The bottom line is we've struggled with elevation and we've swung at pitches down in the zone probably way too much,' he said. 'From thigh high to the top of the strike zone, we're not doing enough damage.

Sveum proposed that a serious issue with the Royals’ hitters was their propensity to swing at low pitches. Using Pitchf/x data, I confirmed Sveum’s assessment: the Royals really were swinging at an inordinate number of low pitches, and their swing choices may have impacted their increased groundball rates this season.

However, at the time, there wasn’t enough data to see whether Sveum had succeeded in fixing that problem. For this BP on Fox article, I’ve revisited the question of whether the Royals have altered their preference for low pitches, and whether that might be behind their resurgence in the standings. Read the full article to find out whether Sveum was able to follow his correct diagnosis with the cure to the Royals’ offensive underperformance.

8/15
Good stuff, Robert - enjoyed the original article, and the follow-up was an interesting read.

One thing - although overall the team's swing height did not increase, nor did all the changes tie to improvements in OPS, Moustakas and Hosmer, the two who increased their swing height the most, also saw the largest increase in OPS.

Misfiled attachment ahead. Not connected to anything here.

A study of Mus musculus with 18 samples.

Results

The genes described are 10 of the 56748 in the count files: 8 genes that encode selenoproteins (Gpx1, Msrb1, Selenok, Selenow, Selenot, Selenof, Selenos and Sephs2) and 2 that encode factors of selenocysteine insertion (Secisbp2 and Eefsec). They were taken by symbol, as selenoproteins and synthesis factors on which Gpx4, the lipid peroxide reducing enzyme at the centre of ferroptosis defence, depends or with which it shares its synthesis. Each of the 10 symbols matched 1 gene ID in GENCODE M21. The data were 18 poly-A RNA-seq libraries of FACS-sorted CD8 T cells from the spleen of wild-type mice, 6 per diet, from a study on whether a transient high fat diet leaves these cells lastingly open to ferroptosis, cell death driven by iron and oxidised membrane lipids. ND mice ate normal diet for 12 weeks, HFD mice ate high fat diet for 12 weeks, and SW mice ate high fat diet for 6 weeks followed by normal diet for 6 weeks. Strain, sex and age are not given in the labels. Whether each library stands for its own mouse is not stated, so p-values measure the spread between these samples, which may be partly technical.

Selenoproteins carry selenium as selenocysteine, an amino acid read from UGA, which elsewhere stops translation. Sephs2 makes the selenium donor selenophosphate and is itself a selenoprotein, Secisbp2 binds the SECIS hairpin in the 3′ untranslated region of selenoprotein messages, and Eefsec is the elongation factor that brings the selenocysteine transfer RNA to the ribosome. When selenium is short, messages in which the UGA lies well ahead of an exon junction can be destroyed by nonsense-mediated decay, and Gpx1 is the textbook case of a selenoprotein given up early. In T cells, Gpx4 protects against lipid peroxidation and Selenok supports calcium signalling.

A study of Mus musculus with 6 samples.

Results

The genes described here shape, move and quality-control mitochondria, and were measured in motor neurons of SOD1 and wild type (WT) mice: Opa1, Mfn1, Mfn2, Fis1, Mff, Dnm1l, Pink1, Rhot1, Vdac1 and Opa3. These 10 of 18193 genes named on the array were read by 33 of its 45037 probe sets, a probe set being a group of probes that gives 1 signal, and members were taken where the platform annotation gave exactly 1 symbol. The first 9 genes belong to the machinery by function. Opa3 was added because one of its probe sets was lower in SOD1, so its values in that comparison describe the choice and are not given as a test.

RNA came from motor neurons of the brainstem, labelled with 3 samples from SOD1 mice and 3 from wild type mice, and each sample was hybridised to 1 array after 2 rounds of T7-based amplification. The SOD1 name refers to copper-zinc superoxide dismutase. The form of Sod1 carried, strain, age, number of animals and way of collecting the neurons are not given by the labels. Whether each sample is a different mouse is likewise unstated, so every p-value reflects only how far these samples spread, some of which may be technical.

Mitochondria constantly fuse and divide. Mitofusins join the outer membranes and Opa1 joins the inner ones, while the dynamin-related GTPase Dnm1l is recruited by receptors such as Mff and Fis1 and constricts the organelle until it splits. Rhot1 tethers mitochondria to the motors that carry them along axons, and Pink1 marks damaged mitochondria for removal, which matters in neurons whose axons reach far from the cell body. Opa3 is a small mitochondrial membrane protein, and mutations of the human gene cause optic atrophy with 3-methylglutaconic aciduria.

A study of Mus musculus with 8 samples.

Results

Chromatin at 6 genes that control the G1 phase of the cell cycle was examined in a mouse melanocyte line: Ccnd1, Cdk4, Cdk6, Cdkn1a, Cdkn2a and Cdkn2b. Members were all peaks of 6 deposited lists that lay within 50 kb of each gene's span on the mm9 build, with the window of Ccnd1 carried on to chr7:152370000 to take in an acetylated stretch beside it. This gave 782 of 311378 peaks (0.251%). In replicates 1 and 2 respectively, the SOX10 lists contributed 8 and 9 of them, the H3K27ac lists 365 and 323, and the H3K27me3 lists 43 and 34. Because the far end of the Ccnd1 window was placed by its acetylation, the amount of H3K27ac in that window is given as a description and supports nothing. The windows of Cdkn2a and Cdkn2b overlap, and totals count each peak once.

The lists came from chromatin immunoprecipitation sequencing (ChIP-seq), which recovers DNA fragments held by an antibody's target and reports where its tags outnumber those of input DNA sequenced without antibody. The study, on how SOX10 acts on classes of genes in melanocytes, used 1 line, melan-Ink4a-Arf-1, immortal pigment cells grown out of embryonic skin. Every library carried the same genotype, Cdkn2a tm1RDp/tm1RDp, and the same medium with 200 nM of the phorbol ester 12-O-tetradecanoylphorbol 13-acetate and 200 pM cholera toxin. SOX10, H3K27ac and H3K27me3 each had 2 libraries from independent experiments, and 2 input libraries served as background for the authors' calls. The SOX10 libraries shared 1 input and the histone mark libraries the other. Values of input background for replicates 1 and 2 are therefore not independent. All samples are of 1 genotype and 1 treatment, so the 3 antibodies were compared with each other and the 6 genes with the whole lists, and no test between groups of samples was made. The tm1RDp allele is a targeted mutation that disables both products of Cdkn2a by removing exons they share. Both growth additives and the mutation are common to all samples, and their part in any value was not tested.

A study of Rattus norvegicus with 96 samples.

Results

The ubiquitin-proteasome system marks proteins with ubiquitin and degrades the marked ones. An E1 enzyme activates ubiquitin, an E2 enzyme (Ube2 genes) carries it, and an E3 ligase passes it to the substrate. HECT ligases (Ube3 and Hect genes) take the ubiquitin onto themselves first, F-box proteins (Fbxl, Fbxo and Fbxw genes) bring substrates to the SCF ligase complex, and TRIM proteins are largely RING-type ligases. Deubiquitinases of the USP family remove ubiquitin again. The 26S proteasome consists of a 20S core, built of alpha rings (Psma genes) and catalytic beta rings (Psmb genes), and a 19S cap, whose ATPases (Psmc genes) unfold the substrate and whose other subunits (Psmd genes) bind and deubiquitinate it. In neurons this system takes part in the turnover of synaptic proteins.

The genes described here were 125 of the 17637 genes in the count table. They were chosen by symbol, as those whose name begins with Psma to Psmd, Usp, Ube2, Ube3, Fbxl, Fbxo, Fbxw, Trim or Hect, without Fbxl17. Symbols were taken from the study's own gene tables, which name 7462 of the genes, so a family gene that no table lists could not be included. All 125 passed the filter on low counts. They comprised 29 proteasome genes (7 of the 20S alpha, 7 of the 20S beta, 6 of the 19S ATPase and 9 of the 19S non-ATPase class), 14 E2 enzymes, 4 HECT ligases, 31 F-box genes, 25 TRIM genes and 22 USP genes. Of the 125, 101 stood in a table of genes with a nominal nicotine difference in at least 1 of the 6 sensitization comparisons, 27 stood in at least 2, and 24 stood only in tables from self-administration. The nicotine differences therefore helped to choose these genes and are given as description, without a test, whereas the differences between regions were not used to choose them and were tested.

Is it possible only a few listened, or that Sveum narrowed his approach to these two specifically?
nada012
8/16
Thanks, glad to hear that.

Yeah, it's definitely possible Sveum only meant that to apply to a few guys, or that he could only get through to a few guys. A couple things though: although Hosmer and Moustakas increased their swing heights, it wasn't by very much, especially compared to the change between years (2013 -> 2014). Granted, I don't know how much higher Sveum wanted them to swing, but since both are doing poorly relative to last year's performances, I would think Sveum would want them to swing a lot higher, rather than only a little bit higher.
Second, I think the failure to get Billy Butler, in particular, to buy in is a pretty substantial one. Butler has had a serious loss of swing height over the years that has manifested in tons of grounders. Moustakas and Hosmer and others are doing poorly, but Butler is undershooting his projected TAv by an immense 40 points, and, because he is Billy Butler, he can't contribute value in any other way. So I think that, whatever Sveum's list of people with swing height problems was, Butler had to be at the top of that list, and he hasn't changed his behavior at all.